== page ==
Salba is not really new. Salvia hispanica L. is a variety of an ancient plant species called Chia. The Aztecs used Chia as a staple in their diet, believing the seed possessed mystical energy and supernatural powers. Five hundred years later, salba is making a comeback.

Salba is not really new. Salvia hispanica L. is a variety of an ancient plant species called Chia. The Aztecs used Chia as a staple in their diet, believing the seed possessed mystical energy and supernatural powers. Five hundred years later, salba is making a comeback.

Chia plants produce seeds of two different colours: black and white. What makes salba “new” is the culmination of more than 15 years of white-seed breeding. By painstakingly sorting out the few white seeds produced from the mostly black-seed Chia plant, the resulting white-seed salba crop offers a substantially enhanced nutrient density compared to its Chia forbear.

In fact, salba is superior in protein quality to wheat, corn, rice, oats, barley, amaranth, and soy, and offers a disease-fighting arsenal of antioxidants (chlorogenic acid, caffeic acid, myricetin, quercetin, and flavonols). It is mineral rich (potassium, magnesium, calcium, folate, niacin, and copper) and hosts an abundance of omega-3, -6, and -9 essential fatty acids, with a perfect 4 to 1 omega-3 to -6 ratio.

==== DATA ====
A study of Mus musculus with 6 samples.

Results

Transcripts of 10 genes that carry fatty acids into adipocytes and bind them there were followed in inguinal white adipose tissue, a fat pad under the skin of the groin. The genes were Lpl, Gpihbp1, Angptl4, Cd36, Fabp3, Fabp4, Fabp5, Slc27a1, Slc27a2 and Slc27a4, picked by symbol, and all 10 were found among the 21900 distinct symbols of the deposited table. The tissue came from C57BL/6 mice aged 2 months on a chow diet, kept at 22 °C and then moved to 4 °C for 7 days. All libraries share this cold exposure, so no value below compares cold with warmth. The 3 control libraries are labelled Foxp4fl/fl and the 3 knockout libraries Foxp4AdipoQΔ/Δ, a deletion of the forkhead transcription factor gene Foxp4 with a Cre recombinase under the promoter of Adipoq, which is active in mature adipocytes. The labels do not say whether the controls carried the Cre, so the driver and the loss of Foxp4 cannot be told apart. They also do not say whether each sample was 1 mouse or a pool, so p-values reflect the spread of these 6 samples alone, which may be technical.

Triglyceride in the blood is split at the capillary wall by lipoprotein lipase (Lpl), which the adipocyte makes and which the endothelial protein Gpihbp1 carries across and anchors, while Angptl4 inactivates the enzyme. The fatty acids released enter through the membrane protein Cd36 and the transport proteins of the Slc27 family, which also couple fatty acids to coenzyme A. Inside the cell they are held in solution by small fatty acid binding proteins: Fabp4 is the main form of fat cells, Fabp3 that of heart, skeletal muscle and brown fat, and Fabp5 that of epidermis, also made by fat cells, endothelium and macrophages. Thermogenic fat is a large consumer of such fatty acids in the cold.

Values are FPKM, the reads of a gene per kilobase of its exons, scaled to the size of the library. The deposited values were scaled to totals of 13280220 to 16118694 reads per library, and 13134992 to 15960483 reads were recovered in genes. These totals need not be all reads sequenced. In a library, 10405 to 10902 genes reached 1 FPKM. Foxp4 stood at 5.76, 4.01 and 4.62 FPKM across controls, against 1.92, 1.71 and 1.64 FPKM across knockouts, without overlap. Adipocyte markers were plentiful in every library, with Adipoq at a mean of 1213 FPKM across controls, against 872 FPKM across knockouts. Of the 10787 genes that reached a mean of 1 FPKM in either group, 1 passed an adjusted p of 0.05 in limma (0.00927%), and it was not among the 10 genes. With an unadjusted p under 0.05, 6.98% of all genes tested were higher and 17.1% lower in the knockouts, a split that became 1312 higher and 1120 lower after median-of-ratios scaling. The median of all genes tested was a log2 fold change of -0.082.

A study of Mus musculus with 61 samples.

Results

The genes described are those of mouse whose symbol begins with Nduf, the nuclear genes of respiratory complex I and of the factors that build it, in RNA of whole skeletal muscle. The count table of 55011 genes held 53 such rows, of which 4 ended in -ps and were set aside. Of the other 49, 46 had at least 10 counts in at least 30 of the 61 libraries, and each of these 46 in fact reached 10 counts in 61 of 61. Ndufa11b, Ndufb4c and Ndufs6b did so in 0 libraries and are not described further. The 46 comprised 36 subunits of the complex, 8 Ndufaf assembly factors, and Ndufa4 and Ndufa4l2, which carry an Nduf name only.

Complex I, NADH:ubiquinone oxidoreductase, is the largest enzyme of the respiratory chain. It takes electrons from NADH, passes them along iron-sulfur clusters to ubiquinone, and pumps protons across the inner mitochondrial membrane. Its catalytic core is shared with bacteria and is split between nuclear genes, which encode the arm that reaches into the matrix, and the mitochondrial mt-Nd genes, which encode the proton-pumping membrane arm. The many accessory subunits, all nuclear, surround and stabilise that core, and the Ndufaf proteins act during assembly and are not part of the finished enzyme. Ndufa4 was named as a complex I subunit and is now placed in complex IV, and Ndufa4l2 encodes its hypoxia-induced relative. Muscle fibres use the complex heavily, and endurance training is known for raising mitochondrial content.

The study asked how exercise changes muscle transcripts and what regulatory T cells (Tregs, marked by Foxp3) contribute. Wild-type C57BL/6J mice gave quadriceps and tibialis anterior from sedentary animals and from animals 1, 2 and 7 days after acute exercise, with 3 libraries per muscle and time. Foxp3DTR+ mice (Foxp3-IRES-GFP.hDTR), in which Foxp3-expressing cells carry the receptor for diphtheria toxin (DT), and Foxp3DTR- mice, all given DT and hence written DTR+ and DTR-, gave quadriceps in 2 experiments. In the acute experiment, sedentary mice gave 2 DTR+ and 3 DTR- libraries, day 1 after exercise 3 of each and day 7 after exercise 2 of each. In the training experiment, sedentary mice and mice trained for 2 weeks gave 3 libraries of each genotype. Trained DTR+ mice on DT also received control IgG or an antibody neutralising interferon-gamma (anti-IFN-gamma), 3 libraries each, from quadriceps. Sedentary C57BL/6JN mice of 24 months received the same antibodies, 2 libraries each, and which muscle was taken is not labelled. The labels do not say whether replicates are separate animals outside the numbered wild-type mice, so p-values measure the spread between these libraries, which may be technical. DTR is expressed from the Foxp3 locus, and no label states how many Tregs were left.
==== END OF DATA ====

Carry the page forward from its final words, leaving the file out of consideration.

In addition, salba has the highest fibre content of any food, including wheat bran. Salba can absorb 14 times its weight in water; its water-absorbing quality facilitates slower food digestion, decreasing blood sugar levels. The result is a feeling of fullness, which can assist in moderating appetite.

Even more compelling, salba is the only variety of Salvia hispanica L. that has undergone intensive clinical research. Various clinical studies, including diabetic specific, have been conducted by Dr. Vuksan, professor of endocrinology and nutritional sciences, Faculty of Medicine, St. Michael’s Hospital at the University of Toronto.

Salba provides protein and omega-3, -6, and -9 essential fatty acids without any aftertaste. Its neutral flavour allows for daily use as a supplement, and as a flour or egg substitute in baking and cooking. Ground or whole-seed salba can be easily incorporated into almost any food and may be added to yogourt, pudding, cereal, salads, burgers, and any hot or cold beverage.

Salba is gluten-free and makes an excellent substitute for flour (1 part ground salba replaces 3 parts flour). It can be used as an effective thickener for gravy, soups, or sauces and can replace eggs in any recipe. (Combining 2 Tbsp of ground salba and 1/2 cup of cold water can be used in place of one egg.)

Salba is produced in Peru’s pristine Amazon Basin, is non-GMO, and is farmed without use of chemicals or pesticides. Its proven health benefits as a functional whole food combined with its rich source of omega-3, -6 and -9, dietary fibre, antioxidants, vitamins, minerals, and high-quality vegetable protein makes salba the exciting “new” white seed to watch.